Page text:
Natural Abundance: For Good or Ill

IMG_4389raspberries480Should we expect a hard winter this year to come?

That might be the conclusion of some Floyd County “plant by the signs” folks. If there’s lots of acorns, it’s Nature’s (or God’s–choose your source of Providence) way of making sure there’s the potential victuals laid by come winter for those busy ants or squirrels or home gardeners who plan ahead.

We’ve never seen the pasture grasses so high across the meadows and fields of Floyd County as they have been this spring and early summer. (Ours, unfortunately and yet for another summer,  is still awaiting those who want it but never get it while it is of any quality. Next summer, we’ll make other arrangements.If you want it and can cut it in early June, it’s yours.)

The black raspberries and blackberries are everywhere, coming slowly to ripeness without  any mildew. We don’t need more than we have already picked, but can’t bear to see them unharvested.  You never know how many more years it might be til there’s a crop like this again, and those winter cobblers are such a boost to one’s anticipation of summer sun from the short dark days of January.

We have this year the “goldilocks just-right” mix of temperatures and moisture to have a blessed abundance of vegetation and fruit–so much so that we joked yesterday that for our morning cereal, we though maybe we’d leave off the cereal and just have the blueberries, peaches, black raspberries and blackberries in tupperware on the counter among the Bran Flakes and Great Grains.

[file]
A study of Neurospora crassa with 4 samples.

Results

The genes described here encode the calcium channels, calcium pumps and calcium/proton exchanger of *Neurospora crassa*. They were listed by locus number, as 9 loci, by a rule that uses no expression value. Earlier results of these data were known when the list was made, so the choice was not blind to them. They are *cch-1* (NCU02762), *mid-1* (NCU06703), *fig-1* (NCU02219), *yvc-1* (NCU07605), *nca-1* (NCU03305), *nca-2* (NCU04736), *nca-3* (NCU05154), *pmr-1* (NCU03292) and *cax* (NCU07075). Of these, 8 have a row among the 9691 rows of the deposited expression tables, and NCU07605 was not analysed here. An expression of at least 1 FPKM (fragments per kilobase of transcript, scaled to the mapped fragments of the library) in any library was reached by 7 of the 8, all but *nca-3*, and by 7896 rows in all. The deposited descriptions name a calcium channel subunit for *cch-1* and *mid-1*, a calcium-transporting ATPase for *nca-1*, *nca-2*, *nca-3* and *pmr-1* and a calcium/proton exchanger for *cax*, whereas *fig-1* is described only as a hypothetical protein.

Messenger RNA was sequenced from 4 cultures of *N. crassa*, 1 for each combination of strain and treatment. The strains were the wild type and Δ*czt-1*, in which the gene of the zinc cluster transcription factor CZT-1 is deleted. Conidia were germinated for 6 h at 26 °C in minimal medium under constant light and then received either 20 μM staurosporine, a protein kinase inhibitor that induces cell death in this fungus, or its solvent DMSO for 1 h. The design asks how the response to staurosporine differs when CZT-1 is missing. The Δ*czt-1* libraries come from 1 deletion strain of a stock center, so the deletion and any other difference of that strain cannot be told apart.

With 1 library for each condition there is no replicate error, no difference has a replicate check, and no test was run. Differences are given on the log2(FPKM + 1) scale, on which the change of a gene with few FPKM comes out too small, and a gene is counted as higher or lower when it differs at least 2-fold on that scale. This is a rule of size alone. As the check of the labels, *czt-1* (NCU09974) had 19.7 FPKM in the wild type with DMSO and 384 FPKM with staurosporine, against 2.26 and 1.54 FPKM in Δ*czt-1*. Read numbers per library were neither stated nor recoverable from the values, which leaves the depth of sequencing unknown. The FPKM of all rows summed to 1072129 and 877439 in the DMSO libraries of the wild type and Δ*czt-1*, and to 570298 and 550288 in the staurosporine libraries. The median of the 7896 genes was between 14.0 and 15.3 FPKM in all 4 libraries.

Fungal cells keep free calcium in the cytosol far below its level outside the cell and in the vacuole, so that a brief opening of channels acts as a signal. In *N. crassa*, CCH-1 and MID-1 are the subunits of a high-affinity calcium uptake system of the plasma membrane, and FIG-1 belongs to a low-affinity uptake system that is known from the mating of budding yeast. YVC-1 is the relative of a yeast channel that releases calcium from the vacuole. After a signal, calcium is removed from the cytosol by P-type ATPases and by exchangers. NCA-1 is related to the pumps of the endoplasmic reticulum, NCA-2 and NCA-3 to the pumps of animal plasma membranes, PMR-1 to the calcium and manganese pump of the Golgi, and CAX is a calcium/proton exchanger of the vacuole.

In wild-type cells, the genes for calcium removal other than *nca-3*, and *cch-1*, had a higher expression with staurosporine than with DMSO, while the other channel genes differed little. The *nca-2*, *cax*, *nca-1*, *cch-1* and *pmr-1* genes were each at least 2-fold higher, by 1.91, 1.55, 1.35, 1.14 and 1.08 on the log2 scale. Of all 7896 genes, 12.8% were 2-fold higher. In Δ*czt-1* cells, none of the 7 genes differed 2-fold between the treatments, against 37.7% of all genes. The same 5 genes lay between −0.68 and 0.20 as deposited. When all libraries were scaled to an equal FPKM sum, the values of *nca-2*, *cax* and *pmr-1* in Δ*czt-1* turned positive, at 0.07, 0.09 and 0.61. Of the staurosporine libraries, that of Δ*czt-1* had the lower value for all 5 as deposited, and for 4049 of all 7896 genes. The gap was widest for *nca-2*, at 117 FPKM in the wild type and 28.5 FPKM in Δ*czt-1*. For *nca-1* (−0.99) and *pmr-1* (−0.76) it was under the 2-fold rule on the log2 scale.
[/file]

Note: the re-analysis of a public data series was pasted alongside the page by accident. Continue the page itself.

IMG_4390rhododendron480The white rhododendrons (Catawba) are the most beautiful we’ve ever seen in 16 years here, all blooming in unison across the dense “laurel hell” that covers the north slope of the gorge between here and sunnier places up top.

At the same time, we’re seeing an invasion of greenery that is not so benign.

Poison Ivy is showing up in so many places we’ve never seen it before. Same thing for multiflora rose. And the newer kid on the block, Japanese Stilt Grass, obscures the ground across almost all of the end of our valley. Thankfully, we have little threat of poisonous snakes being concealed therein, but stepping on a “harmless snake” invisible underfoot is something we would not want the grand daughters or a city visitor to experience.

No telling what the rest of the summer will be like in this decade of seasonal and regional extremes. But for now, as long as we can keep ahead of it and keep the house and yard somewhat distinguishable from rank field or forest, we’re benefitting from the blessings of enough but not too much providence.

We are beholding to the rains that fall on the godly and the ungodly alike. Wish we could send some of this moisture to put out fires in the northwest; or some of this fruit to the vast millions of round-bellied children around this feral planet.

One place understood–the nature and human community of one place appreciated moment by hour by season–should make us appreciate better all places and people in their relative abundance or poverty of rain or sun, goodness or evil.